Night terrors, confusional arousals, sleepwalking and sleep talking: Most of us have heard of these or experienced them for ourselves. If you’re a parent, it’s likely that you’ve seen your child through one of these episodes. But what are they?
Parasomnias are unwanted or abnormal behaviors that occur during non-REM sleep. Though parasomnias can be concerning for a parent to witness and experience, they are not usually associated with negative health consequences. Often these conditions can be remedied or alleviated by helping your child get more sleep.
What are the most common parasomnias and what should you do, or not do, when your child is experiencing one? Let’s find out:
During a sleepwalking episode, the child may appear to be awake, wandering the home either in silence, mumbling, talking or yelling. As confusing as it can be to witness, the child is asleep and unaware they are sleepwalking. Sleepwalking can be dangerous if the right precautions are not taken to ensure a child’s safety, such as securing exterior doors, putting sharp objects out of reach and removing unstable furniture that they could bump into.
Confusional Arousals/Sleep Talking
Confusional arousals are variants of sleepwalking, where the child does not leave their bed. During a confusional arousal, the child may look awake and cry, talk, point or even arrange their stuffed animals on the bed. Sleep talking can range from mumbling, to clear conversations, to yelling out.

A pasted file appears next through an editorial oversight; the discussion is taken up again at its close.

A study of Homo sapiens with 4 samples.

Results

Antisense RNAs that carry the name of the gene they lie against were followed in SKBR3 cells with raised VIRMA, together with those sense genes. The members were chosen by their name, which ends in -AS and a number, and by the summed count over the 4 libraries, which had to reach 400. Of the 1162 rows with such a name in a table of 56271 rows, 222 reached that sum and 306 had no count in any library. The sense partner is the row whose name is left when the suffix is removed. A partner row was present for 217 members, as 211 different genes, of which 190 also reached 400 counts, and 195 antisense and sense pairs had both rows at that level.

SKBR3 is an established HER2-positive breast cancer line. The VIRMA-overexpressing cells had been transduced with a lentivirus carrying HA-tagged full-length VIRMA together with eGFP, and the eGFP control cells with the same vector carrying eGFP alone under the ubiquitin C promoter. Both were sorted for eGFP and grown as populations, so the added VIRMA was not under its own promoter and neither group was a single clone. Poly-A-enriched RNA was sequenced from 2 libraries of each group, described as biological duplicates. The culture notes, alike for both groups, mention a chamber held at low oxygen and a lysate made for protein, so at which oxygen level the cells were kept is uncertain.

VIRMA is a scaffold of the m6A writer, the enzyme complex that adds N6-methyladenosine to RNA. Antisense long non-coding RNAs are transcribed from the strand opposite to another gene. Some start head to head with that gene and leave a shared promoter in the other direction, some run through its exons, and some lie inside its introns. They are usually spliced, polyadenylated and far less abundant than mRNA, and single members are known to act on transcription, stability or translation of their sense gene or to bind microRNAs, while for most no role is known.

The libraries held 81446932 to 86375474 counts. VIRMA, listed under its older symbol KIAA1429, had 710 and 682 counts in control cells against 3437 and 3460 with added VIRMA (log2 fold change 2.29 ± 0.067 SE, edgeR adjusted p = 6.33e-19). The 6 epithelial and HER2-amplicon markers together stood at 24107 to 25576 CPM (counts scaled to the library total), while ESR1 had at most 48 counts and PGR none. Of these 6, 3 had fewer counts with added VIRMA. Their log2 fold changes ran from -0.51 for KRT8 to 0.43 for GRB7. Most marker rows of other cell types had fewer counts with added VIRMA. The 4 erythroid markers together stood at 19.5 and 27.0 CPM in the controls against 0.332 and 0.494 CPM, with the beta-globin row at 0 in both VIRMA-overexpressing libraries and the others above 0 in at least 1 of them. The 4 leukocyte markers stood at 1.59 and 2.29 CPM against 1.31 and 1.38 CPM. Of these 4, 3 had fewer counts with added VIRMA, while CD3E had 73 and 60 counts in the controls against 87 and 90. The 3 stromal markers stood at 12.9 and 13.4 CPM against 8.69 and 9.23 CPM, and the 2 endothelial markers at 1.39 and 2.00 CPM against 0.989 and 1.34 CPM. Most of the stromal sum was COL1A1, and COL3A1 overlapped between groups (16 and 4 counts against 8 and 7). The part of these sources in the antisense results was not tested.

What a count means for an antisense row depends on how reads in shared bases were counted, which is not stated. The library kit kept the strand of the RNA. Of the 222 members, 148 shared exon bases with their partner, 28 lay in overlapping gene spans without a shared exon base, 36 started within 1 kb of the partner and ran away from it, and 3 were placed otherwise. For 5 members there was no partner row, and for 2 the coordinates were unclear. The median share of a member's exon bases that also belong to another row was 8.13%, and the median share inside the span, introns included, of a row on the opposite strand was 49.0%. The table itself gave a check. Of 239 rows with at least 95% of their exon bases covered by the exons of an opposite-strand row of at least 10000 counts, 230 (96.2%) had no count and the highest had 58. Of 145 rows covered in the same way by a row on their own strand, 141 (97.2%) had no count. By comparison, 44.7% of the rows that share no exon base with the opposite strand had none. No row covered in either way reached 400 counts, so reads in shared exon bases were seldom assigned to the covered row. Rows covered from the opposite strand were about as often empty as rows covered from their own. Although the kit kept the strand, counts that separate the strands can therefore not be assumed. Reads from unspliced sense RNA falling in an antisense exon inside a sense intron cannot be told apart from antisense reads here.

Night terrors, also known as sleep terrors, can be the most disturbing to parents of all of the parasomnias. Unlike nightmares that occur during REM sleep, night terrors happen during non-REM sleep. During a night terror, the child may continue to be laying down or sit up, appearing frightened and scream or cry. Their eyes may be open, but they do not appear to improve with calming interactions of the parent.
Parasomnias can be relatively common. According to the National Sleep Foundation, parasomnias affect approximately 16% of children. They occur in people of all ages but are more common in children and most likely to happen during non-REM sleep, within the first few hours. Interacting with your child in this state may prolong the episode or worse, prompt an irritable, aggressive or even violent response from the child. If they are sleep talking, having a confusional arousal or night terror and have not left their bed, check on them and if they are safe, leave them alone. The more we interact, the longer and more violent the behaviors can get. If they are sleepwalking, try to gently redirect your child back to bed.
Parasomnias can occur when a child is not getting enough sleep for their age. Children require much more sleep than we do as adults, but don’t always get it. Though children ages five and under require 12 hours of sleep per night (in addition to daytime naps), most families set bedtimes permitting only eight to 10 hours of sleep. Many children who suffer from parasomnias see an improvement simply by improving their sleep duration, for their age.
It is a common misconception that children outgrow parasomnias as they get older. The parasomnias improve as their sleep requirement decreases with age to meet the sleep schedule implemented in the home. Parasomnias may recur in adulthood when unforeseen circumstances cause us to be sleep deprived. So remember, enough sleep is crucial to maintaining a good, quality sleep for children and those who care for them!
Dr. Lili Poon is a fellowship trained pediatric sleep physician and the pediatric sleep medical director at Novant Health in Charlotte, NC. Dr. Poon completed her fellowship at Case Medical Center in Cleveland, OH, and did her pediatric sleep training at Rainbow Babies Hospital in Cleveland.